Slump in U.S. Home Sales Drags Asian Shares Lower
An unanticipated slump in U.S. home sales sent a chill through Asian markets today. With mortgages at all-time lows, Asian exporters are looking for a jump in home sales, spurring buyers to rush out and buy home furnishings, electronics and appliances -- all imported from the East. Instead, sales of previously owned homes dropped 2.2% in May, according to the National Association of Realtors, and sales of newly built homes have fared even worse, plunging 16%. "There's a tight relationship between home sales and outlays on furniture, appliances and building materials," Richard DeKaser, a former economist at the U.S. Bureau of Economic Analysis told Bloomberg. "We've already seen some pullback on housing-related items because of the drop in home construction."
In Japan, companies specializing in building materials closed lower. Nippon Sheet Glass tumbled 2.8%, Okuma, a maker of machine tools fell 2.4%, Hitachi Construction Machinery slid 2.3% and Asahi Kasei, which makes construction materials dropped 2%. Kajima, a contractor with commercial and residential building projects around the world, slumped 3.7% and Obayashi, another builder working internationally, especially in earthquake prone areas like California where they have earthquake-proofed the Golden Gate Bridge and built sturdy office towers, tumbled 2.6%.
A troubled housing market in the U.S. saps consumer confidence, as homeowners worry that the value of their largest asset will dwindle. Japanese electronics companies felt the strain with Panasonic slumping 3.1%, Canon plunging 2.7%, Hitachi falling 2.5% and Pioneer declining 2.1%. Sony retreated 0.6% and Nintendo tumbled 3.6% in Osaka, despite serious gamers' enthusiasm for its latest 3D technology.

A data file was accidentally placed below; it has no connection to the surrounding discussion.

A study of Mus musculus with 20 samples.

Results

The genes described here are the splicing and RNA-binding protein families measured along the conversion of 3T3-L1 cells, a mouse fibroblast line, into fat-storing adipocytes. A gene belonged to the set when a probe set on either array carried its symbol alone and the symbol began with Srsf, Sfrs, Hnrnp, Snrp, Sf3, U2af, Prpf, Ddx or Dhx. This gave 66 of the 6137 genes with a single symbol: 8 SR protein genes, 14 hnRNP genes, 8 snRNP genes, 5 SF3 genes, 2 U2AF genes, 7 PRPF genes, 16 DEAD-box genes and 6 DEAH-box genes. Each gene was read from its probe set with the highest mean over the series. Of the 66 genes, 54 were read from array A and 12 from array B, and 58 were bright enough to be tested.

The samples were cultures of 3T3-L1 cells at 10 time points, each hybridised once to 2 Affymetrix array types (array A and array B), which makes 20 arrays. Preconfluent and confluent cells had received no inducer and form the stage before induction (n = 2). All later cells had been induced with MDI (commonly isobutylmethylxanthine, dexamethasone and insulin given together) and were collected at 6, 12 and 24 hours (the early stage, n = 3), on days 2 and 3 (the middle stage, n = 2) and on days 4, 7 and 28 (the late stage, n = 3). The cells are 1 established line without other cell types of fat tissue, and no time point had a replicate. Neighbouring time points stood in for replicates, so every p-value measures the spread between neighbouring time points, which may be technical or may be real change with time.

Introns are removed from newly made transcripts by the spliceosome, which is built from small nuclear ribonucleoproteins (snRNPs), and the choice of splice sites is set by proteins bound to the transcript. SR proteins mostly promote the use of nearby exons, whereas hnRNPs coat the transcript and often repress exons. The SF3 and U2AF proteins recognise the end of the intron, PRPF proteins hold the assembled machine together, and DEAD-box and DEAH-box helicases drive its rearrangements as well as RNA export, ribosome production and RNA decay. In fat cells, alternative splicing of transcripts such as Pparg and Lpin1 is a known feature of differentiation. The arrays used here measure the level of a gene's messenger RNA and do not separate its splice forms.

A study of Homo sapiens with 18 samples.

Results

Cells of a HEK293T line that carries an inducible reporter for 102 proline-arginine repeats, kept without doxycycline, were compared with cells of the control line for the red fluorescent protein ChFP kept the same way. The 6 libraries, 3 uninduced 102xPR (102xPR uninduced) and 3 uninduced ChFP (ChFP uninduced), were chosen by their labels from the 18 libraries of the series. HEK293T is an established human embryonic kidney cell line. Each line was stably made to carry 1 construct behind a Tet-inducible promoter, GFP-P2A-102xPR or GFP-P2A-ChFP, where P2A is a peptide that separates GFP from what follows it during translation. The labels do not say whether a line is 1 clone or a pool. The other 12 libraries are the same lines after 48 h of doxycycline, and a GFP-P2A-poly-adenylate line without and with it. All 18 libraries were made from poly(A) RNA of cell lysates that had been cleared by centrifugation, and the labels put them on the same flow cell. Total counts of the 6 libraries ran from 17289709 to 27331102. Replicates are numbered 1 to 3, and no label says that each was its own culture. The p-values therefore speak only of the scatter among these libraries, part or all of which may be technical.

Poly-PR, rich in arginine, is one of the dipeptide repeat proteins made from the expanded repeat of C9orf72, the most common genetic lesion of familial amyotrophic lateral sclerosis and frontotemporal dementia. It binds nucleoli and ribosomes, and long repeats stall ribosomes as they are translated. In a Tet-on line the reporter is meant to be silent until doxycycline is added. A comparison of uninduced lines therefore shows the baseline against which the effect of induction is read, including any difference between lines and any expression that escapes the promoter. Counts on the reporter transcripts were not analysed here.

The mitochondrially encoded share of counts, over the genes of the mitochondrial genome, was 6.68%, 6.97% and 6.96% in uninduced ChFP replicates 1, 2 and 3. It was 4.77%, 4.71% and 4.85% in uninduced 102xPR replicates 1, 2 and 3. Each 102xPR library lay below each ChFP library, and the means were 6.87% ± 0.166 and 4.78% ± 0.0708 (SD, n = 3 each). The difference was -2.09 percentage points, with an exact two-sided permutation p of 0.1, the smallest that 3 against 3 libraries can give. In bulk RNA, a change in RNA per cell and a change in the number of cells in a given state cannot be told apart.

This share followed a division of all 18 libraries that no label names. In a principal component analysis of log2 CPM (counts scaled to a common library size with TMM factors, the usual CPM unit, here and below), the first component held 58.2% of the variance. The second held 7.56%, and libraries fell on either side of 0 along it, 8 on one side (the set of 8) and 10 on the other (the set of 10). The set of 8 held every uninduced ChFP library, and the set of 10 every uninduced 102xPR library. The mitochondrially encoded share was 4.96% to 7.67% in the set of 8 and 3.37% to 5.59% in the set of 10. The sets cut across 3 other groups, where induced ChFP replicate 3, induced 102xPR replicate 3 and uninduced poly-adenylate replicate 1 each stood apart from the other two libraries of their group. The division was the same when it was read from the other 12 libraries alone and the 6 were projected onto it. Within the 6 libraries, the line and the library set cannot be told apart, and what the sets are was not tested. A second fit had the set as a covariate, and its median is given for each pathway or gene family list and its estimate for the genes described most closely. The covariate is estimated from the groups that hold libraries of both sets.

Building-related shares also fell in China on renewed concerns that the government will step up tightening measures. Gemdale dropped 1.6%, Poly Real Estate sank 1.5% China Vanke declined 1.2%. Chinese steel companies also closed lower with Baoshan Iron & Steel falling 2.7%, Hebei Iron & Steel tumbling 1.7% and Maanshan Iron & Steel receding 1.2%. Zhuzhou Smelter, a zinc producer, fell 2% and Jiangxi Copper dropped 1.6%.
In Hong Kong, real estate firms with major projects in China declined with China Resource Land plunging 2.6%, China Overseas falling 2.7%, and Hang Lung falling 1.5%. But for others with major holdings in Hong Kong, it was not so gloomy. Henderson Land rose 1.5%, Chung Kong rose 0.8% and Wharf Holdings added 0.6%. According to a report from Centaline Property Agency, the Hong Kong home rental market is climbing, with prices reaching $2.24 per square foot last month -- an increase of 32% from 14 months ago, says Bloomberg BusinessWeek. While jobs are rapidly disappearing in the West, companies in Hong Kong are hiring, and more expats vying for luxurious rentals will surely push up prices.